The Duke Student Government (DSG) upheld their student president’s veto of a Students Supporting Israel (SSI) chapter being recognized on campus during a November 17 meeting.

Christina Wang, the student president, announced that she was vetoing recognition SSI Duke after the chapter called out a student on social media for saying that the student government’s initial recognition of the chapter meant her “school promotes settler colonialism.” In a since-deleted post, SSI Duke argued that the student’s use of “settler colonialism” was problematic and offered to educate her on the matter. Wang argued that SSI Duke’s post “singled out an individual student on their organization’s social media account in a way that was unacceptable for any student group and appeared antithetical to the group’s stated mission to be welcoming and inclusive to all Duke students, and educational in mission and purpose” and that she would have done the same against any organization that behaved in such a manner. Duke SSI initially apologized in a social media post, which was later deleted.

The Duke Chronicle reported that the final vote was 37 senators in favor of Wang’s veto, three against and 10 abstentions. Wang’s veto could only be overturned if two-thirds of the senators voted against her. Duke SSI will have to submit a new application in order to obtain recognition on campus.

Duke SSI Co-Presidents Alanna Peykar and Alexandra Ahdoot argued during the meeting that their chapter deserved another chance, according to the Chronicle. Ahdoot said that they viewed responding to social media posts as part of SSI’s mission to “condemn and combat false narratives” and that their initial apology did not explain why they decided to respond to the post in question. She vowed to respond to future posts “in a more professional manner” through tabling and hosting events to educate people on the Israeli-Palestinian conflict.

Another student who spoke, Duke Israel Public Affairs Committee member Mikhal Ben-Joseph, acknowledged that Duke SSI’s actions warranted punishment but asked if it was “in proportion to the situation at hand.” The student who SSI Duke called out said during the meeting that she felt harassed by Duke SSI’s post and feared for her safety. Wang similarly said, “I feel harassed. Definitely. And I feel that part of my future is up there to some extent. But I definitely don’t want this conversation to be about me.”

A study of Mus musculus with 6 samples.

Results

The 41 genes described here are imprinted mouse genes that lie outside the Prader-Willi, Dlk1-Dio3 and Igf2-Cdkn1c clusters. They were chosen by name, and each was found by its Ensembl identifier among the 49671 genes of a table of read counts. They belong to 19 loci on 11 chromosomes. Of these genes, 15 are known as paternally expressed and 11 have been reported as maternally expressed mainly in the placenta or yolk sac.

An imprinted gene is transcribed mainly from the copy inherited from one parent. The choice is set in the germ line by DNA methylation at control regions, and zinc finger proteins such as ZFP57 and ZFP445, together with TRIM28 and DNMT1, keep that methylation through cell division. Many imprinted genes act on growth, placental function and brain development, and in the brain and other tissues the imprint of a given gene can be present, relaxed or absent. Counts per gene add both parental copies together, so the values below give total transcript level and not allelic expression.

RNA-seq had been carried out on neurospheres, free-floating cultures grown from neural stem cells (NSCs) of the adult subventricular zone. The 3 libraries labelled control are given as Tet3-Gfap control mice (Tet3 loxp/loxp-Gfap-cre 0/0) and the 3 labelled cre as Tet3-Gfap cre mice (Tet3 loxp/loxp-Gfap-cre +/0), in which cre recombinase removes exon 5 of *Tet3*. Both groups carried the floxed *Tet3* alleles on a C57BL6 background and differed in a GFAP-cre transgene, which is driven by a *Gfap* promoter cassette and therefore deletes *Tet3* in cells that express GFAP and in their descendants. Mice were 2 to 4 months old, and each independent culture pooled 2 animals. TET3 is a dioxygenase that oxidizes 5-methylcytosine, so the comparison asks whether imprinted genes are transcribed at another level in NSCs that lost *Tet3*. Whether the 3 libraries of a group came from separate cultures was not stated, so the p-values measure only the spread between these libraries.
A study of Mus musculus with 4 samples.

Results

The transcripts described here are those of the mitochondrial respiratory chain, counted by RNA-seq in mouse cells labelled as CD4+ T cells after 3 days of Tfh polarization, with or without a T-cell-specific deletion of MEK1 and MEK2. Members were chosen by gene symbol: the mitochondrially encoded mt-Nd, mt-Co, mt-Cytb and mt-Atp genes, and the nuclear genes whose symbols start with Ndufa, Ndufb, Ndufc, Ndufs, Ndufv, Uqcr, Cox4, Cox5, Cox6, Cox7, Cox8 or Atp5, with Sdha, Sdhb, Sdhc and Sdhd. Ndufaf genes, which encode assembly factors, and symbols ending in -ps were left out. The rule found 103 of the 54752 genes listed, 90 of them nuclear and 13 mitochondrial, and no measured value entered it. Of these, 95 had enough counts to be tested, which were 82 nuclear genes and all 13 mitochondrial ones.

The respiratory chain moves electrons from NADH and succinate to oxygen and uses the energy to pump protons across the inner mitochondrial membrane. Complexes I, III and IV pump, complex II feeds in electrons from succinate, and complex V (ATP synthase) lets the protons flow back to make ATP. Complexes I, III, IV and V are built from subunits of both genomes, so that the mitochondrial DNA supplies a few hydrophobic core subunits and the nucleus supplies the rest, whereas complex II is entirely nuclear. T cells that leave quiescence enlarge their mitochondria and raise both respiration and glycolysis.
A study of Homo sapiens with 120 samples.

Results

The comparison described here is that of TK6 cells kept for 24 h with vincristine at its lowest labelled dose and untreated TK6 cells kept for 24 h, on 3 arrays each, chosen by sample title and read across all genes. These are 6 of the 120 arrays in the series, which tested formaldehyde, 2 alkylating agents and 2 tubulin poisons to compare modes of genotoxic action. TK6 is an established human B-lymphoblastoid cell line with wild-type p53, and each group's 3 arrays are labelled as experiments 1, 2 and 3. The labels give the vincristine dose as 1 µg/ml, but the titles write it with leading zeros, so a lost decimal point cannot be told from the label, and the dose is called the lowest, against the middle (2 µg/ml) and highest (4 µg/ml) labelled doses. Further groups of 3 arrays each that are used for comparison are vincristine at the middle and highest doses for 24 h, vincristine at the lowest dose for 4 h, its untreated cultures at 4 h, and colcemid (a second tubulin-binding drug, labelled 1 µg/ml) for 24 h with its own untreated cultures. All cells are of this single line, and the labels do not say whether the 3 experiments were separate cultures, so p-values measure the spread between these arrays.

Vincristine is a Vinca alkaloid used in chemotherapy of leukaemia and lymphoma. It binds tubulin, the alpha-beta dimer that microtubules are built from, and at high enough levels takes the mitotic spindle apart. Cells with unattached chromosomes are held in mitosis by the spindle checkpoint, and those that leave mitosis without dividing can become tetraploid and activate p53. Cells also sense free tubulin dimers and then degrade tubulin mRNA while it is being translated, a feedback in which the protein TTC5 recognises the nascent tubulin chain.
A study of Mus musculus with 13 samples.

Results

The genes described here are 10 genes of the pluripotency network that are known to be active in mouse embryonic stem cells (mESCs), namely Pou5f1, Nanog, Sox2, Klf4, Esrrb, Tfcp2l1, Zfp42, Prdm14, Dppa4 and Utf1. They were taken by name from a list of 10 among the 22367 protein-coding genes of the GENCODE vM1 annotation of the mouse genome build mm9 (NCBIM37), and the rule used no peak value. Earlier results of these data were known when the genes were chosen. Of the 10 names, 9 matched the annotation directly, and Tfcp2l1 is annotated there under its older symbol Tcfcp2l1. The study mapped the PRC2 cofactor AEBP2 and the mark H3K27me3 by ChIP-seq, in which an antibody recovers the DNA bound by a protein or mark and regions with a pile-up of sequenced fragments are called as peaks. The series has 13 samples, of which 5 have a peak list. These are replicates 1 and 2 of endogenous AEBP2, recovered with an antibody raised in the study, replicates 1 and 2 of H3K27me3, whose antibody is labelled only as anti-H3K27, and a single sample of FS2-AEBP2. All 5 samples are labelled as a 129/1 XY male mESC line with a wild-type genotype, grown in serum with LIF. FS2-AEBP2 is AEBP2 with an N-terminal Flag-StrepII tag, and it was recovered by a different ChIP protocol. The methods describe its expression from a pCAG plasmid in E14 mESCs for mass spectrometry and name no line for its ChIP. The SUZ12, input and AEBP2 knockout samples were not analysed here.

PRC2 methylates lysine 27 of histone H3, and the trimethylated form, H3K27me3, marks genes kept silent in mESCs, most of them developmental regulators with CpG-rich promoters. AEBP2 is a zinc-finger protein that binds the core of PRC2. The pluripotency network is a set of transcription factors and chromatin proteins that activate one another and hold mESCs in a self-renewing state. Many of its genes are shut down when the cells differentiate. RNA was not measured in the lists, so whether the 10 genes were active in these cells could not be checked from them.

The national SSI organization defended their Duke chapter, arguing in a statement that the DSG held Duke SSI to a double standard. “If Students Supporting Israel has no ability to call out a lie about Israel on campus without facing a veto or suspension, what rights do students then have on campus? Who will safeguard the freedom to speak and to debate ideas? [DSG] set up a new standard across the country, where students are being judged in the court of public opinion and if a group’s opinion is not liked have no room on campus.”

The Simon Wiesenthal Center tweeted that Duke “simultaneously crushes free speech, endorses big lie hate and leaves Jewish students defenseless.”

Jacob Baime, CEO of the Israel Campus Coalition, similarly said in a statement to the Journal, “Have we really gotten to the point where one student government leader can deplatform Jewish students and delegitimize a well-known pro-Israel student group for the ‘crime’ of defending themselves on social media? Duke administrators must step in and take swift action to restore Students Supporting Israel’s status as a recognized campus organization. In the context of an historic increase in antisemitic hate crimes and a broader national conversation about race and equity, the university has an obligation to make it clear that Jewish students are no less worthy of dignity, respect and safety than anyone else.”

Stop Antisemitism tweeted that they were “horrified” by the DSG vote to uphold Wang’s veto. “False claims of settler colonialism get standing ovations under Wang’s leadership – sickening!  This does NOTHING but alienate Jewish students on campus!”

The university did not respond to the Journal’s request for comment.